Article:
Ms SWANSON (Paterson) (14:15): My question is to the Prime Minister. On Friday, a supply shortage in coal-dependent New South Wales meant power was cut to Tomago, Australia's largest aluminium smelter, in my electorate. Yesterday, the CEO of Tomago said:
… the way the energy system is working at the moment, it is dysfunctional.
What we saw on Friday was a genuine system-security risk. When will the Prime Minister stop blaming renewable energy and admit that he has an energy crisis on his hands, a crisis which is hurting the largest private— (Time expired)
Mr TURNBULL (Wentworth—Prime Minister) (14:16): The Minister for the Environment and Energy, whom I will invite to add to this answer, has just drawn to my attention a statement by the Australian Energy Market Operator from 10 February about New South Wales's electricity supply, in which it states, 'AEMO can also confirm that residential load shedding was not required at any point'—quite to the contrary of what the member for Port Adelaide just said.
Opposition members interjecting—
Mr Frydenberg: Another lie! Another lie! Another lie!
Mr TURNBULL: The member for Port Adelaide said residential load shedding was required—
The SPEAKER: The Minister for the Environment and Energy will come to the dispatch box and withdraw.
Mr Frydenberg: I withdraw.
Mr TURNBULL: The member for Port Adelaide said that there was residential load shedding in the state, and here we have a statement from AEMO, of which he must have been aware, saying that was not the case.
As far as Tomago is concerned: it is a large base load customer for electricity in New South Wales. It is the practice with large base load customers to, by agreement, load shed—for which they are rewarded at times of very high peak demand. It is the way in which big customers like that—aluminium smelters being the biggest, obviously—are able to provide stabilisation and balance to the grid.
What was put to us by the member for Port Adelaide is contradicted by AEMO. He is not here to defend himself or explain his misstatement, but it just shows how the Labor Party is deluded about energy. I will invite the minister to add to that answer.
Mr FRYDENBERG (Kooyong—Minister for the Environment and Energy) (14:18): Unfortunately, we are seeing a pattern of mistruths and obfuscation by those opposite. Yesterday, those opposite sought to portray the Prime Minister and me as blaming renewables for last September's blackout—
Mr Dreyfus interjecting—
The SPEAKER: The member for Isaacs is warned.
Mr FRYDENBERG: when we actually went out in writing, and in numerous interviews, saying that that was not the cause and that the cause was the storm.
The SPEAKER: The Manager of Opposition Business on a point of order?
Mr Burke: On direct relevance. At the end of the answer, the Prime Minister was specifically on the topic. Since the Minister for the Environment and Energy stood up, it has had nothing to do with the question that was asked—a very specific question from a member of parliament asking about a major employer in her own electorate.
The SPEAKER: I am listening carefully to the Minister for the Environment and Energy. Before I call him, I will just say, on the point of order, that the minister is entitled to compare and contrast to a point, but this question referred specifically to issues in New South Wales. He needs to come back to that in the remaining 45 seconds.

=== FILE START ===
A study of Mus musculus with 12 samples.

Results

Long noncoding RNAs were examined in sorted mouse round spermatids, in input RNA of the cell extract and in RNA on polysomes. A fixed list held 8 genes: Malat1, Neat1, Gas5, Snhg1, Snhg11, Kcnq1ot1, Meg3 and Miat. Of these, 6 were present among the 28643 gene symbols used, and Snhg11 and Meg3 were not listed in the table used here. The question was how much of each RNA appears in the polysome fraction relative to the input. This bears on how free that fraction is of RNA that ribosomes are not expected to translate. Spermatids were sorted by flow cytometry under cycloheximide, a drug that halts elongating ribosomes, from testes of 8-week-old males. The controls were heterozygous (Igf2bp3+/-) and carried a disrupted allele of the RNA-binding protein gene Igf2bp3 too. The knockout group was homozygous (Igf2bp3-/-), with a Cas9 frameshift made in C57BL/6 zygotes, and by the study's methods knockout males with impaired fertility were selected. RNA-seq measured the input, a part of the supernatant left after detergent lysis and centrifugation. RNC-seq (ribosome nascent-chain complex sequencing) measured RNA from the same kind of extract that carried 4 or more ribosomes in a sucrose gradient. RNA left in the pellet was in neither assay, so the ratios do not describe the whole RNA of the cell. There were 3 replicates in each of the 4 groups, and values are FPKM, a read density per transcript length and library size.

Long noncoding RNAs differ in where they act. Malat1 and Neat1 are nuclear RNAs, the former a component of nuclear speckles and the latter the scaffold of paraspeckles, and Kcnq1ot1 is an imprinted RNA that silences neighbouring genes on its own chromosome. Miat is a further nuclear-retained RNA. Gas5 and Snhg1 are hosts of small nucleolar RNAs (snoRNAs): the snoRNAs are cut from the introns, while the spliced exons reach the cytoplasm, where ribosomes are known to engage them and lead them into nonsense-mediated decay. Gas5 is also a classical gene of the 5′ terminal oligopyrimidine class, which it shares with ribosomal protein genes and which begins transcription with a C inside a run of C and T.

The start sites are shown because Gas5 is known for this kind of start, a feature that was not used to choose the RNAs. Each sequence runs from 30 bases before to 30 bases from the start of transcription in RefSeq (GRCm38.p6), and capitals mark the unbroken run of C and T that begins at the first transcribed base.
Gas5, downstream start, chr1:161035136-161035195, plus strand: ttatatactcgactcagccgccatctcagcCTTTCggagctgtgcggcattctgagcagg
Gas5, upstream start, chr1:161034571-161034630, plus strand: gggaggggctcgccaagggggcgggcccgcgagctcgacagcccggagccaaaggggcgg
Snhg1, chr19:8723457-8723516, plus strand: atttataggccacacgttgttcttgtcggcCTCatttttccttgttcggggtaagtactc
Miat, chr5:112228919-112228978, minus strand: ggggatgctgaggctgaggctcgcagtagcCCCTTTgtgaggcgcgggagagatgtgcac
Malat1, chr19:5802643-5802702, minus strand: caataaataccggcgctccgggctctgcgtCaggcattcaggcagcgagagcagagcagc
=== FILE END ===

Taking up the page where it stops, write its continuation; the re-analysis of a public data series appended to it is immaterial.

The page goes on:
Mr FRYDENBERG: The facts are clear that Tomago, as the Prime Minister said, make up around 10 per cent of New South Wales's demand. Their contract with AGL, I think, goes back to 1991. There is a provision, when the prices go high, for AGL to enter a relationship to reduce the supply to Tomago. The key point is that the member for Port Adelaide said there was residential load shedding. In the press release at 7.30 pm on 10 February, he said that did not happen. This is a consistent pattern. You have been found out: mistruths and misleading the parliament again and again.
Mr Burke: Mr Speaker—
The SPEAKER: The minister has concluded his answer. Manager of Opposition Business, I think it is best that we move on.
Mr Burke: Mr Speaker, let me just make a point of order.
The SPEAKER: Okay. I will hear the Manager of Opposition Business.
Mr Burke: He made a very specific unparliamentary allegation of deliberately misleading—
The SPEAKER: He did not use the word 'deliberately'.
Mr Burke: When you claim that it is again and again, it is a big stretch to claim that it is accidental. Those sorts of reflections should be withdrawn.
Mr Dutton interjecting—
The SPEAKER: The Minister for Immigration and Border Protection persistently interjects, particularly when I am hearing points of order.
Mr Pyne interjecting—
The SPEAKER: The reason the Leader of the House cannot hear him is that he is often interjecting with him! I am trying to inject some lightheartedness, but, in seriousness, I will have no choice but to take action on the next interjection by the Minister for Immigration and Border Protection. The Manager of Opposition Business's point is on the use of the term 'misleading'. He might find it undesirable—I may well myself—but the Practice and the Hansard are littered with that term being able to be used. It is only out of order when 'deliberately misleading' is used. That has been the case under many speakers, and it has been the case in questions that have been asked. There have been many questions—we could take the time to dig them out—asked by the opposition using the term 'misleading' that I have not ruled out of order.